My middle child, Anthony attends St. Gregory's University in Shawnee, Oklahoma. Each Sunday afternoon, he heads over to Oklahoma City and does volunteer work for Hotdogs for the Homeless. My daughter, Brianna and I visited Anthony this past weekend and also had the opportunity of volunteering for this very worthwhile cause during our visit.
Hotdogs for the Homeless was started by a man named Rick Swyden 6 years ago. What began as a loving gesture to feed one hungry, homeless man on the street has evolved into Rick and his volunteers providing 300 hotdog lunches to the homeless in Oklahoma City every Sunday. To date, Rick's group has served nearly 85,000 lunches since the program began in 2003.
At 12:00 noon, the volunteers meet inside of a large vacant room in a strip mall. Here, they boil two tamale pots full of hotdogs, place them on buns, wrap them in foil and assemble bagged lunches in white paper bags which have been decorated by local school children. Each lunch consists of a hotdog, snacks, napkins, condiments and bottled water. Extra hotdogs are wrapped for those who would like seconds. By 1:00 p.m., once everything has been prepared and assembled, the lunches are put into large plastic storage boxes and placed into the backs of the volunteers' vehicles. They then drive out to three designated stops within the poor sections of the Oklahoma City streets to hand out the lunches.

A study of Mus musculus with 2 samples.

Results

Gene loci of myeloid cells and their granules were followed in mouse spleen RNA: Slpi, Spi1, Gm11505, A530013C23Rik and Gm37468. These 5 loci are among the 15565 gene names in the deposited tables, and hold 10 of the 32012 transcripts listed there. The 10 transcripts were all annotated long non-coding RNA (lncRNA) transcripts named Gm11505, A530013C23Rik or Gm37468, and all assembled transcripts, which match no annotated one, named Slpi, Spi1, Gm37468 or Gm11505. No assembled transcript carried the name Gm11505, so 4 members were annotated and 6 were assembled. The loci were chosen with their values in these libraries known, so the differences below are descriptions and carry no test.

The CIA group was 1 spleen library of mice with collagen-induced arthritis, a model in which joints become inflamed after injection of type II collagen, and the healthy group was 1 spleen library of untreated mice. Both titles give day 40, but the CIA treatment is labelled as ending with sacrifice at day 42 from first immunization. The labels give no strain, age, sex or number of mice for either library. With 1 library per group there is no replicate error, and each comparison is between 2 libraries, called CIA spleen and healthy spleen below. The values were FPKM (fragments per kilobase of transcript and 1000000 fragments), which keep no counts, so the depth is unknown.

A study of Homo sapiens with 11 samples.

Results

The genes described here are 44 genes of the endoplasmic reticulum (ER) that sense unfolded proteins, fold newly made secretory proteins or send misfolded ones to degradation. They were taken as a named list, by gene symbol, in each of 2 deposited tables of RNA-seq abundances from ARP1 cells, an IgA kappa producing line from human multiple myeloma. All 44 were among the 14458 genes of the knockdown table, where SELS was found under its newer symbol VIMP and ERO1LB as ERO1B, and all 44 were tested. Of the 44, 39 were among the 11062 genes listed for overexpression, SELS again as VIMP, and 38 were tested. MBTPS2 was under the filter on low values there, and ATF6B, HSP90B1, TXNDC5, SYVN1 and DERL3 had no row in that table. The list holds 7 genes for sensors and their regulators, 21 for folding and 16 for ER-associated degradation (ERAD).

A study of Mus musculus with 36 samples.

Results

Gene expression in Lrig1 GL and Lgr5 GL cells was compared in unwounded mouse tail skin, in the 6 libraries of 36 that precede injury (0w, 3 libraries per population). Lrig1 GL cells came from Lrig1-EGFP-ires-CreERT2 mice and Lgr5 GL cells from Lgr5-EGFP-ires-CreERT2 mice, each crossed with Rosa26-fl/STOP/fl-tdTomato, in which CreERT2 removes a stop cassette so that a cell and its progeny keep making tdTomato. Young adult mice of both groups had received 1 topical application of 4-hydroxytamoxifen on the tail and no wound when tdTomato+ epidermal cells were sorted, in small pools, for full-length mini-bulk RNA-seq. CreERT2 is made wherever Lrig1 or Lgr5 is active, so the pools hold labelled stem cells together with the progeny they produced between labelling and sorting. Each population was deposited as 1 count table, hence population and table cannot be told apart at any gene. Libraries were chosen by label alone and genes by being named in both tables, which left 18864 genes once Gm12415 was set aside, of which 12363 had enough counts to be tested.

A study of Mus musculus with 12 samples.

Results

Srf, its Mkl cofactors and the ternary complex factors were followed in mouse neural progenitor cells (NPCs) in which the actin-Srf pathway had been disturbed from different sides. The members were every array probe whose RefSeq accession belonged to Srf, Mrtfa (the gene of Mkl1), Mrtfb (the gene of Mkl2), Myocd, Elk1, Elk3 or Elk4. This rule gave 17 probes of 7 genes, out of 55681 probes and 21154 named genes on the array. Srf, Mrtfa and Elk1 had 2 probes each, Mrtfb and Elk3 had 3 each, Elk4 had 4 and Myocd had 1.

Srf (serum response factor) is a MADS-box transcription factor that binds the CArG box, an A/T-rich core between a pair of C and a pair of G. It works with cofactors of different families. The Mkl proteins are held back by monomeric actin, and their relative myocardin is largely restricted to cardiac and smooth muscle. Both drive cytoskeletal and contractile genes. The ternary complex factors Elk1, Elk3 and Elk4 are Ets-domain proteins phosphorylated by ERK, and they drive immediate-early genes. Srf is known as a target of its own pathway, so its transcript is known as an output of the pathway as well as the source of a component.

The homeless are gathered at each stop. This is not only an opportunity for the homeless to eat a meal, but to talk with others, share stories and human companionship which is so often lacking in this situation. Rick often gives hugs away with the lunches; he has befriended many of these homeless people and has helped at least 30 of them get off of the streets and into homes and jobs.
The spirit of giving is contagious. Many of the volunteers add their own bit of love into the mix. One regular volunteer bakes cookies each weekend and gives them out at the stops. Others bring gently used clothing, new scarves and backpacks to share during this time. Honestly, I'm not sure who enjoyed this time more - the homeless people or the volunteers - but in any case, it is a heartwarming experience for all concerned. In our current economic situation, it's nice to know that even the smallest gestures of kindness can evolve into such an amazing and touching event.
CBS Evening News ran a touching story on Hotdogs for the Homeless in 2007. Please be sure to check it out on the Hotdogs for the Homeless website. Also, if you would like to donate to this worthwhile organization, you can find out the details through their website.